One mile north west of the former textile mill know as Salts Mill high on the northern slope of the Air valley stands an overgrown woodland strewn with carved stones that litter the undergrowth. Brushing away the moss and dead leaves, a delicate mosaic floor reveals fragments to a bye gone era and the lost country house once known as Milner Field.

Milner Field was designed by the Architect Tomas Harris. This grand home was designed and built for Titus Salt Junior and built in a Gothic style with no expense spared as a statement of wealth and power. For eighteen years Milner House was at the heart of West Yorkshire high society with the ultimate accolade of two royal visits in 1882 and 1887.

Shortly after the last royal visit, the first of several shadows was to fall over the house with Titus Salt Junior dying at the age of 44. Titus Salt Junior was found by his wife Catherine collapsed on the floor in the Snooker Room. Doctor Ellis was called but when the doctor arrived, Titus was pronounced dead.

A year after Titus Salt Junior’s death, his widow Catherine Salt turned to her brother Hennery Crosley for financial help and the house and estate were mortgaged to him. In 1903 James Roberts purchased Milner field and the estate and moved into the mansion with his family and wife Elizabeth. The Roberts family experienced misfortune with the death of two sons. In 1924 what was left of the Roberts family left Milner Field and despite many attempts to sell the Milner Field mansion and its estate, it was a full year until Milner field would see it’s next owner Ernest Gates. The Gates family moved into the house in the summer of 1923.

On the 29th of October 1923 Ernest’s sick wife Eva Gates died in Milner Field. Ernest continued to live at Milner Field for the next 18 months until on the 1st of April 1925 he died from Septicaemia. Many rumours of the cause of Ernest’s death started to circulate amongst the locals with associated stories relating to his death becoming folk law linked to the previous deaths and ill luck dogging the occupants of Milner Field.

The final family to move into Milner Field were the Hollins Family with Arthur Remington Hollins becoming the successor to the house and estate after the former Gates and Salts families. Soon after moving in to Milner Field, Mrs Hollins caught pneumonia and from the complications died on the 26th of January 1926. After the death of Arthur’s wife Anne, Arthur and his sons continued to live at Milner Field, until a summer holiday in 1929 when Arthur was taken ill with unstoppable hiccoughs with his eventual death being recorded as dying from gall-bladder and liver complications.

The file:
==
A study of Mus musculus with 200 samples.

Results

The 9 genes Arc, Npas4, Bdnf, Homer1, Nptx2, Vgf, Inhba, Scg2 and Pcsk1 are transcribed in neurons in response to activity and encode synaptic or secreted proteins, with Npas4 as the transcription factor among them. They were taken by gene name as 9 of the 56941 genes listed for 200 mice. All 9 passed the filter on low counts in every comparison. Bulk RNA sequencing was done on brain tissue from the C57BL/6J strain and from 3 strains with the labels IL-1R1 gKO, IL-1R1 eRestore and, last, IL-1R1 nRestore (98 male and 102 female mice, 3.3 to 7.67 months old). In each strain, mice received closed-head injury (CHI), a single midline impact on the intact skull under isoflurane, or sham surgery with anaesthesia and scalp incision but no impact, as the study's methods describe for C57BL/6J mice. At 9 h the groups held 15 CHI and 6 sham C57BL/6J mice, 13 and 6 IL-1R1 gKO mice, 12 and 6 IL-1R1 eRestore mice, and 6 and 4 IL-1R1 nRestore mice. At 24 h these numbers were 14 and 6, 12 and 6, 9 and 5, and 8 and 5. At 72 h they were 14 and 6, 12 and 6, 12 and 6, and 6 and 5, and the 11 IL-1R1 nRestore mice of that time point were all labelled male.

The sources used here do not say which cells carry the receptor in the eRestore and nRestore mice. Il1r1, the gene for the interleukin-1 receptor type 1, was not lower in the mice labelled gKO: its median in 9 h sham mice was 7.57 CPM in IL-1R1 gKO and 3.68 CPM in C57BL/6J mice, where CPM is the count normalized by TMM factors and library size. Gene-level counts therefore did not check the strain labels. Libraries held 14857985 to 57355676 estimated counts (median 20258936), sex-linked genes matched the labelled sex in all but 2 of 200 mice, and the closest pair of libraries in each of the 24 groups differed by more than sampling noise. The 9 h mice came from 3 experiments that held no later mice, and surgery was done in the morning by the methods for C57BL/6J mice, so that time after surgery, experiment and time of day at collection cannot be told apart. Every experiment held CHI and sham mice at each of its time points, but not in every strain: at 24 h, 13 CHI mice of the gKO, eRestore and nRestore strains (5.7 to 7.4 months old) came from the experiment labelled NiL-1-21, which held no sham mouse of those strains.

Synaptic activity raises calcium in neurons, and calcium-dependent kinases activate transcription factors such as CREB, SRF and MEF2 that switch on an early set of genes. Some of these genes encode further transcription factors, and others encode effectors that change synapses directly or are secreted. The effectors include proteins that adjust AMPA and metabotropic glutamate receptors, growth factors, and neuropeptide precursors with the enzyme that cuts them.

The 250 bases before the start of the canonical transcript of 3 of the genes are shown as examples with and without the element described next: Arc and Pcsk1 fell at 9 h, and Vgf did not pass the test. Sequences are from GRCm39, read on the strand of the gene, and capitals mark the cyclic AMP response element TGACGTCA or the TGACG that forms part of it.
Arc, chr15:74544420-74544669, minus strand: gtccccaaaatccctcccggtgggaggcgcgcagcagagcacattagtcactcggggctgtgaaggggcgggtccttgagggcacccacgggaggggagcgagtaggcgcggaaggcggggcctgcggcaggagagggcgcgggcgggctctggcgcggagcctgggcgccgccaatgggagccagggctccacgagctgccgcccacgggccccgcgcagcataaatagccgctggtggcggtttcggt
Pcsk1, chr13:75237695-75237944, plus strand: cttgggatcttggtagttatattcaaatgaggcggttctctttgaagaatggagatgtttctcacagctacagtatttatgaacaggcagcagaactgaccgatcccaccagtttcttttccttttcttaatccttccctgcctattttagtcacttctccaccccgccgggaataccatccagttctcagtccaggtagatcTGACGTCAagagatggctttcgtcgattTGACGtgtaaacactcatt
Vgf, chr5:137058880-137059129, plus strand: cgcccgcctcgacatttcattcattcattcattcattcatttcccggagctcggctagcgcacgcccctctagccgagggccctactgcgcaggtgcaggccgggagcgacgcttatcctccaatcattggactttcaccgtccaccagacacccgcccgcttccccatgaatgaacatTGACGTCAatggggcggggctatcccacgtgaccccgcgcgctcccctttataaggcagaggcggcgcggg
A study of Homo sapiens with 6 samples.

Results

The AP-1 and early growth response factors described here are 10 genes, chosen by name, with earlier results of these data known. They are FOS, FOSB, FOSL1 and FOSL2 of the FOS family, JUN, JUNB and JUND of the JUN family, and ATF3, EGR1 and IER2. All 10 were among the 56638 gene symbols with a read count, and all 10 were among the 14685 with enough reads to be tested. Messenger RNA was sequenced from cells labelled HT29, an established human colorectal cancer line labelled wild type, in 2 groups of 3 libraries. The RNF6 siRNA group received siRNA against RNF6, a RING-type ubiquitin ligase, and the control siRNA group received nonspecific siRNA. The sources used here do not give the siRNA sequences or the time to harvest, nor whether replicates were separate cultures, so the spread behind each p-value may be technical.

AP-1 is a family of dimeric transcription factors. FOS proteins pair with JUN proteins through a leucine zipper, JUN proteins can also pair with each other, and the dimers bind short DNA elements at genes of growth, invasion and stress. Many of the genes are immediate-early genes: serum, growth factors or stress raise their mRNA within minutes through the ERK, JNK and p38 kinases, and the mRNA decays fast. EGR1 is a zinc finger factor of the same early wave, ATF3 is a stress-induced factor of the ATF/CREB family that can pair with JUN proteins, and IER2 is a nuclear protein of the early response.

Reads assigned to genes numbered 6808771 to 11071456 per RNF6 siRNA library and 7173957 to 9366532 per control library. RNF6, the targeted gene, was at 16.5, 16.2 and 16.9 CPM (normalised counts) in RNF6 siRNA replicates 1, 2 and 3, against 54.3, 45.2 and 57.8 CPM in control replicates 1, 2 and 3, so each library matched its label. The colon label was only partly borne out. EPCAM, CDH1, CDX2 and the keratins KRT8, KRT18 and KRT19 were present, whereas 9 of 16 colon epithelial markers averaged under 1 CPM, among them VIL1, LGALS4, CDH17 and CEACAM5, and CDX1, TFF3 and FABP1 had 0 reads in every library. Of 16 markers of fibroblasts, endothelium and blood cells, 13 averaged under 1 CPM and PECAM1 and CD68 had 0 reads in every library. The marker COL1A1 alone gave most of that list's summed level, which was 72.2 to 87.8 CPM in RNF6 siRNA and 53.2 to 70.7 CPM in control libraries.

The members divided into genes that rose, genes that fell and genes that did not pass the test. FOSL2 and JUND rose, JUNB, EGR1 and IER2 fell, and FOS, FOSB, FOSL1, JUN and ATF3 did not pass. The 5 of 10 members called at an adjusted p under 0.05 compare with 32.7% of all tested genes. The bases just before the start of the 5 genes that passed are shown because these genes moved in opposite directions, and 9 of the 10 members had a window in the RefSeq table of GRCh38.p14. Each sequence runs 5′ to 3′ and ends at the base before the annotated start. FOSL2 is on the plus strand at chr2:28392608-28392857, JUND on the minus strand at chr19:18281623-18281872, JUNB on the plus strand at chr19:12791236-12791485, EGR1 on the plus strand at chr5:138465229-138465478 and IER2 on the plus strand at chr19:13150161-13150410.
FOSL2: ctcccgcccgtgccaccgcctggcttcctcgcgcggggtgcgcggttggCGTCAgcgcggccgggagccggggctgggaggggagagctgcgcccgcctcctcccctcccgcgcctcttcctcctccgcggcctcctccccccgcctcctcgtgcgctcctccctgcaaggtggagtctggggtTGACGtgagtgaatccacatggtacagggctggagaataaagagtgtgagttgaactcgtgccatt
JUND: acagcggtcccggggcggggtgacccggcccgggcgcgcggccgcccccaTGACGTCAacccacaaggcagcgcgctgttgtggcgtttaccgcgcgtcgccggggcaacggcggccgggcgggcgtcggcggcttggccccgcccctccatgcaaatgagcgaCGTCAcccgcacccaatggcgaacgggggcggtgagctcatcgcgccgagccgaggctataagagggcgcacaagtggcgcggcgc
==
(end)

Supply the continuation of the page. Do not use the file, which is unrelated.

By 1930 the remaining Hollins family left Milner Field and moved to Ilkley.  With the associated stories and misfortune surrounding Milner House, the mansion and its estate became a white elephant and decidedly unattractive to potential buyers and once again failed to sell. Throughout the 1930’s the house remained empty and neglected and with the arrival of the second world war some of Milner Fields resources were used as part of the war effort in terms of using iron and building materials resulting in the  house falling into decline and decay until it was demolished sometime in the early 1950s.

I personally have been fascinated with the History of Titus Salt and Salts Mill and only recently learned about Milner Field and learning about a book on it’s history. After searching high and low for a book called “ Milner Field, The Lost Country House of Titus salt Jnr, by Richard Lee-Van den Daele & R David Beale ISBN 978-0-9569380-0-8 I have eventually found a copy, the book it is well worth reading as it provides both photographs of the house and its owners and far more information for anyone interested in the subject.

The aim of this blog was to shed a little light on the tragic story of the house built on huge wealth and its history and the mansions misfortune. Although Milner Field was demolished in the 1950’s if you visit the densely overgrown location today, you will find many remnants and clues to the former grandeur of Milner Field, see maps below.